If you’re a loyal Verizon customer who loves high quality streaming on mobile devices, the end is nigh. The reason being that Verizon is now throttling video streams on smartphones as low as 480p with some data plans getting as high as 720p. In the era of 4K–much less 1080p, this news is very dire seeing how customers won’t have any options to “opt out”.
With tablets, 1080p will be available, but 4K will not be available on Verizon’s mobile network. The company is giving out a 10Mbps cap of bandwidth for videos, and even hotspot sharing will be affected.
While Verizon started selling smartphone data plans this February, at the time they said that they would not limit or downgrade streaming video quality. Verizon was recorded telling Ars Technica that they “deliver whatever the content provider gives us. We don’t manipulate the data.”
However, now starting yesterday Verizon is going back on its word and changing things for new and existing customers. The cheapest single-line plan will cost 75$ a month which includes 480p on phones and 720p on tablets (an additional $20 a month–mind you).
If a customer wants to get access to 720p video for a smartphone, and 1080p on a tablet, they need to pay an extra $10 a month which is called the “Beyond Unlimited plan”–costing a total of $85 a month and an additional $20 for tablet internet. Verizon rationalizes the decision by explaining that customers can’t notice the difference between 720p on small phones versus 1080p on tablets.
If you’re already a customer with a data plan, now your video streaming for your phone will be reduced from 1080p to 720p, regardless of your plan.
“Moving forward, HD video on all legacy plans will also match Beyond Unlimited’s HD quality,” Verizon said. The 480p limit also willy apply to current or new prepaid plans. Verizon has made these decisions by understanding consumer data. “More than 96 percent of customers have not used 4K video.” Now, in 2017, and soon 2018, where more and more phones have high quality HD OLED displays, even less people will be utilizing 4K video with Verizon’s new enforcement plans.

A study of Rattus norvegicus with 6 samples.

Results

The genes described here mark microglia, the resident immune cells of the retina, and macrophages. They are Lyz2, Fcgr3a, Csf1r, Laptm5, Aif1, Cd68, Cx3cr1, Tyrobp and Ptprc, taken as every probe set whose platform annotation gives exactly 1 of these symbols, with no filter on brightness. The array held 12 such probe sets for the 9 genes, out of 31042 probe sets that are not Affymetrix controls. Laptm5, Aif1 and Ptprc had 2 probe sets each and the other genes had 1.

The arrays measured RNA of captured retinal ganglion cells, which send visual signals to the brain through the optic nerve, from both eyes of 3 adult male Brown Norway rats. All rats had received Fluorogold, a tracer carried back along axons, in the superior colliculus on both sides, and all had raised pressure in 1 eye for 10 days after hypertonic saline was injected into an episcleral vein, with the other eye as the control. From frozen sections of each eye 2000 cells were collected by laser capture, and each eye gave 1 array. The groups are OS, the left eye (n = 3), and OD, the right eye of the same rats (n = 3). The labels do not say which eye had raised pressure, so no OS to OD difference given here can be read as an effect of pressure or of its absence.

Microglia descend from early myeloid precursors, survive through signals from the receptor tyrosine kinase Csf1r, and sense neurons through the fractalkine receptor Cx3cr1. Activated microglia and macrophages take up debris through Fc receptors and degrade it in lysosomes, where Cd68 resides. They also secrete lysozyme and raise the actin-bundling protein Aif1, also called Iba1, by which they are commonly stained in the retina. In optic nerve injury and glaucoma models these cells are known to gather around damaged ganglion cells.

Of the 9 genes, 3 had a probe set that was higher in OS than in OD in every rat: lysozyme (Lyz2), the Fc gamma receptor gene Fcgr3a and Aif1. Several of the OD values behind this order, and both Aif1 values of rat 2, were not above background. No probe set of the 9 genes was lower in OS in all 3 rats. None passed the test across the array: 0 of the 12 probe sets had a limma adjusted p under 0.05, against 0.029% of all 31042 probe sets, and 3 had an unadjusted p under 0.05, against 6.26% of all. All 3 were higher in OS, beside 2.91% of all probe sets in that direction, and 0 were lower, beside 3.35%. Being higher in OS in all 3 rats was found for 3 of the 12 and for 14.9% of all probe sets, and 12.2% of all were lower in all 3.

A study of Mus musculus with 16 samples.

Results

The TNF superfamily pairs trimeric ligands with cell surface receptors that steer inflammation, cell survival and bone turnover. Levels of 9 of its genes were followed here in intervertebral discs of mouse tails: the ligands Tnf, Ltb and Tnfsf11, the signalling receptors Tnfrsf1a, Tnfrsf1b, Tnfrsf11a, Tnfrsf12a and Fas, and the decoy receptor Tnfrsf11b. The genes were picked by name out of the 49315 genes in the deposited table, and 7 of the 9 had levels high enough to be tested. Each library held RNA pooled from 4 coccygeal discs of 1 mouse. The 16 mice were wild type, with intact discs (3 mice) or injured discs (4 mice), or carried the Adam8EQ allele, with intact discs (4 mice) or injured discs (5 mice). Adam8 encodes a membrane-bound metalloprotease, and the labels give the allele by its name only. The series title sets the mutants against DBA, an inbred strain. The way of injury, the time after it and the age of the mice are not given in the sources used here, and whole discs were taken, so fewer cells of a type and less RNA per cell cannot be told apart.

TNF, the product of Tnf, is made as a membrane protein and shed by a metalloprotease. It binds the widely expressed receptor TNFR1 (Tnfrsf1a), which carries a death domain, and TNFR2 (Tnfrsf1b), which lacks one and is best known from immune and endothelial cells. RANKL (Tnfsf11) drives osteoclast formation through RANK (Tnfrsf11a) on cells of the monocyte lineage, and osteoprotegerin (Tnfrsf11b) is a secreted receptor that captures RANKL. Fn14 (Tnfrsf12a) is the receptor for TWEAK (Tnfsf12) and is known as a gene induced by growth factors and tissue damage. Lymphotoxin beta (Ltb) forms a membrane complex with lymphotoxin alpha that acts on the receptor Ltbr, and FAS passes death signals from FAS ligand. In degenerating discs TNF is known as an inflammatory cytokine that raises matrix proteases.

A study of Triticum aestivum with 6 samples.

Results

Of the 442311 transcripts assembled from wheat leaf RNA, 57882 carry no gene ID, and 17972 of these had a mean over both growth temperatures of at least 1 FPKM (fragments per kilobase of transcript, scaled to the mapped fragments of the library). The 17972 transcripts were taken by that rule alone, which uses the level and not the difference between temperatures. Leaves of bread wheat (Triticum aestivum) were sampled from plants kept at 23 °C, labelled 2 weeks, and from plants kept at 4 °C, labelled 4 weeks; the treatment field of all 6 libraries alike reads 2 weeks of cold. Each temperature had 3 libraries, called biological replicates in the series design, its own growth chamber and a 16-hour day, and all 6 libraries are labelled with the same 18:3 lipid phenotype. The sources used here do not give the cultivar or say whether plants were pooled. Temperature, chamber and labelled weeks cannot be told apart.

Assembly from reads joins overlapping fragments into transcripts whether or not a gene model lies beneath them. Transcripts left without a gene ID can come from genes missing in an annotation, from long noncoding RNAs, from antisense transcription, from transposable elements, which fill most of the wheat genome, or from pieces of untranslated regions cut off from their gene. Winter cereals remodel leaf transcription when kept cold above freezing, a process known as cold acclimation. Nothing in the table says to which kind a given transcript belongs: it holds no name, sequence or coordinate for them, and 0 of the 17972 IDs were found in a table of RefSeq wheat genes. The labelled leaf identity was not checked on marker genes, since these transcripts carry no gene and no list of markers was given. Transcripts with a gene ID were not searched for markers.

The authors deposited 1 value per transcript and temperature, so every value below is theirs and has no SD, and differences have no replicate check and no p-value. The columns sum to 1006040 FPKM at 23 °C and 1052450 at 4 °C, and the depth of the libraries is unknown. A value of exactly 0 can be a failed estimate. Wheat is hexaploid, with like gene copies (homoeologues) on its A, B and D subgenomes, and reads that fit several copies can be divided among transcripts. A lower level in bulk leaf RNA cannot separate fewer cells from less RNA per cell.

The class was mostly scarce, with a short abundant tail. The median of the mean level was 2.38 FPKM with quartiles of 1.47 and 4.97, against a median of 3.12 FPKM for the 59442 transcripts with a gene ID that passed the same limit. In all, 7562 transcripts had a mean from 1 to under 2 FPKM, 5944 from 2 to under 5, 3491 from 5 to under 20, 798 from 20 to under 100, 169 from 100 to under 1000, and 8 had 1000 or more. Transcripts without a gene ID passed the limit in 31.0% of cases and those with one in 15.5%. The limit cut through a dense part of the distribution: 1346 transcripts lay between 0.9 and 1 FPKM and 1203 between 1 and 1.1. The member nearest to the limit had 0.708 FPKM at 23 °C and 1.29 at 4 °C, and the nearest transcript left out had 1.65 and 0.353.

Why is Verizon making these changes?
Well, they want to limit bandwidth and prevent congestion, of course. “We’re doing this to ensure all customers have a great experience on our network since there is no visible difference in quality on a smartphone or tablet when video is shown at higher resolutions than 720p on phones and 1080p on tablets,” explained Verizon in their announcement.
Verizon and AT&T now both offer unlimited data plans, as well as T-Mobile. T-Mobile also charges more for HD viewing.
Verizon first started testing this “data throttling” last month, and we reported on it when Reddit users found that they could increase speeds by using a VPN like TorGuard. At that time, Verizon had capped speeds at 10Mbps, which caused some advocacy groups to call out Verizon on breaking net neutrality rules. However, at the time Verizon denied breaking any laws.
“Current net neutrality rules clearly state that providers may employ reasonable network management practices to ensure that their networks and services run efficiently and work well for their customers… Video optimization is a non-discriminatory network management practice designed to ensure a high quality customer experience for all customers accessing the shared resources of our wireless network.”
However, Verizon does seem to be straddling the line with these new “optimizations” and changes. Current FCC chairman, Ajit Pai, even wants to eliminate rules allowing companies like Verizon to change data caps.
While it’s easy to paint Verizon as this evil entity, other companies like the aforementioned T-Mobile and AT&T are also doing similar things with user data that is becoming more and more questionable. In the age of 4K and enhanced viewing experiences, do we really want to be lowering video quality for customers? Perhaps the easiest solution is to simply switch on your VPN service and bypass all video throttling.